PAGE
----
Linked by Thom Holwerda on Thu 3rd Sep 2009 23:10 UTC
Graphics, User Interfaces You probably missed this earth-shattering news, but Ikea IKEA, the Swedish furniture and other assorted home decoration products company, has switched fonts. The company always used the Futura font for its catalogues, but the latest edition has ditched it in favour of Verdana. This has caused quite the stir among typography geeks.
by rajan r on Fri 4th Sep 2009 13:41 UTC in reply to "RE: Pot, meet kettle"
rajan r
Member since:
2005-07-27

Honestly? IKEA's catalogue, with its catchy copywrites, professional photos--many of it not of individual products but sets of it to show its products in living spaces, is merely a functional catalogue?

IKEA's catalogue is more than an consumer informational tool (you could easily condense all the actual information into a few pages otherwise). It is a marketing tool. A form of advertising. Design matters in those - including fonts.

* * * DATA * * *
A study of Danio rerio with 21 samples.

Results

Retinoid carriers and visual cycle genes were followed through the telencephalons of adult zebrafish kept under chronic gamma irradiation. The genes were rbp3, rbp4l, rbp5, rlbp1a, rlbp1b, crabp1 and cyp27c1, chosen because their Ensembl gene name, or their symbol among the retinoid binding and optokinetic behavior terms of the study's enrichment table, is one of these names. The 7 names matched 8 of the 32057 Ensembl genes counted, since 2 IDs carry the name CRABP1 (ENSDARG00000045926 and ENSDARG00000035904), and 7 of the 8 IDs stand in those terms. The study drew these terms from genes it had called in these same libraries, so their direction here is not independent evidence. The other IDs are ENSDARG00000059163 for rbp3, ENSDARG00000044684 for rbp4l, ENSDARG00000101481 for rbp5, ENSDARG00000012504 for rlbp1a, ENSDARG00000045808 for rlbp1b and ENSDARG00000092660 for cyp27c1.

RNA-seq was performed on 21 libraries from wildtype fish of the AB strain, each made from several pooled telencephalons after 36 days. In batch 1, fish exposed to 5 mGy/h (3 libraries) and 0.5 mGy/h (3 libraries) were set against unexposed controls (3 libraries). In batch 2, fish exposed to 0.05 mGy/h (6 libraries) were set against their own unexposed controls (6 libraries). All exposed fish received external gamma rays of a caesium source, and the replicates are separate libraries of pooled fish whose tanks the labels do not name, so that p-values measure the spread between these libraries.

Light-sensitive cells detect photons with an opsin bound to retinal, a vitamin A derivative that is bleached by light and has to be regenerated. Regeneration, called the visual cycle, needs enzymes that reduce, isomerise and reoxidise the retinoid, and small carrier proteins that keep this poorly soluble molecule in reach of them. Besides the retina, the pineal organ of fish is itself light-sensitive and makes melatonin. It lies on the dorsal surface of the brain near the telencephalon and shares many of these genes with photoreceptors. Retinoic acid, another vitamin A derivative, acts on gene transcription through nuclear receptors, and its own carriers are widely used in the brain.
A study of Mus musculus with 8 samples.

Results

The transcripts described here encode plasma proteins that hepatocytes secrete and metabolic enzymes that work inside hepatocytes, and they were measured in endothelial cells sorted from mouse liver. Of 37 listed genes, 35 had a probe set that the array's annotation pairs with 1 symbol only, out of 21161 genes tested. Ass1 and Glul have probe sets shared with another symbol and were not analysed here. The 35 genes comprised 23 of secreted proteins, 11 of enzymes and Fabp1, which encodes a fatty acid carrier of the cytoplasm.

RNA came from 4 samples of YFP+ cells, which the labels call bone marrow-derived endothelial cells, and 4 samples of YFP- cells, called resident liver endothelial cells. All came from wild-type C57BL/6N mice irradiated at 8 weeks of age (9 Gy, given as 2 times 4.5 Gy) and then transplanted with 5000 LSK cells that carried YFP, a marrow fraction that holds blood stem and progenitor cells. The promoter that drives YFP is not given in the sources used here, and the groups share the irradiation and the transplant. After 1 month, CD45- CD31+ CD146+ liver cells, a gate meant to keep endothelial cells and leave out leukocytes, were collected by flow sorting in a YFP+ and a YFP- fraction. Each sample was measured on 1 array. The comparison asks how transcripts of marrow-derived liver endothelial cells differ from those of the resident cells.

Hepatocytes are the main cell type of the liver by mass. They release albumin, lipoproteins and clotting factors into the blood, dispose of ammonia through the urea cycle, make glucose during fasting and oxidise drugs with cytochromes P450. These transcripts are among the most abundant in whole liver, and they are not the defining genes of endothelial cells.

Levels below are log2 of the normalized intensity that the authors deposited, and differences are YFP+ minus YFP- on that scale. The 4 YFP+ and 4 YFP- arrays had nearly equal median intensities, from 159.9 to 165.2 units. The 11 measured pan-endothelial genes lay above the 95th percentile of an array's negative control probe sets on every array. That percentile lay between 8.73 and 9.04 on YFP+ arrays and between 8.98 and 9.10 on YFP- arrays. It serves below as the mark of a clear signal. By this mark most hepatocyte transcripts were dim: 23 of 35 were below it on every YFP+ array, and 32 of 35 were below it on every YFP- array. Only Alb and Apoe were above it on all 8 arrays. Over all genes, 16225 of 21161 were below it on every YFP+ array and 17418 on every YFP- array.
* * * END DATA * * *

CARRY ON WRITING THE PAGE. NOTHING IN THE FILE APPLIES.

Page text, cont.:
Readability isn't the only goal of fonts--and shouldn't be. Much in the same way penmanship shows personality, fonts is part of a brand identity. It isn't so much that fontsnobs love Futura so much and hate Verdana, its that IKEA replaced a good font suitable for large sizes and print with a font meant for small sizes on a computer screen.

And their reasons are crap (using multiple fonts, for online and print, and for different scripts, isn't exactly terribly inefficient or more expensive). They devalued their brand image--maybe slightly, but definitely.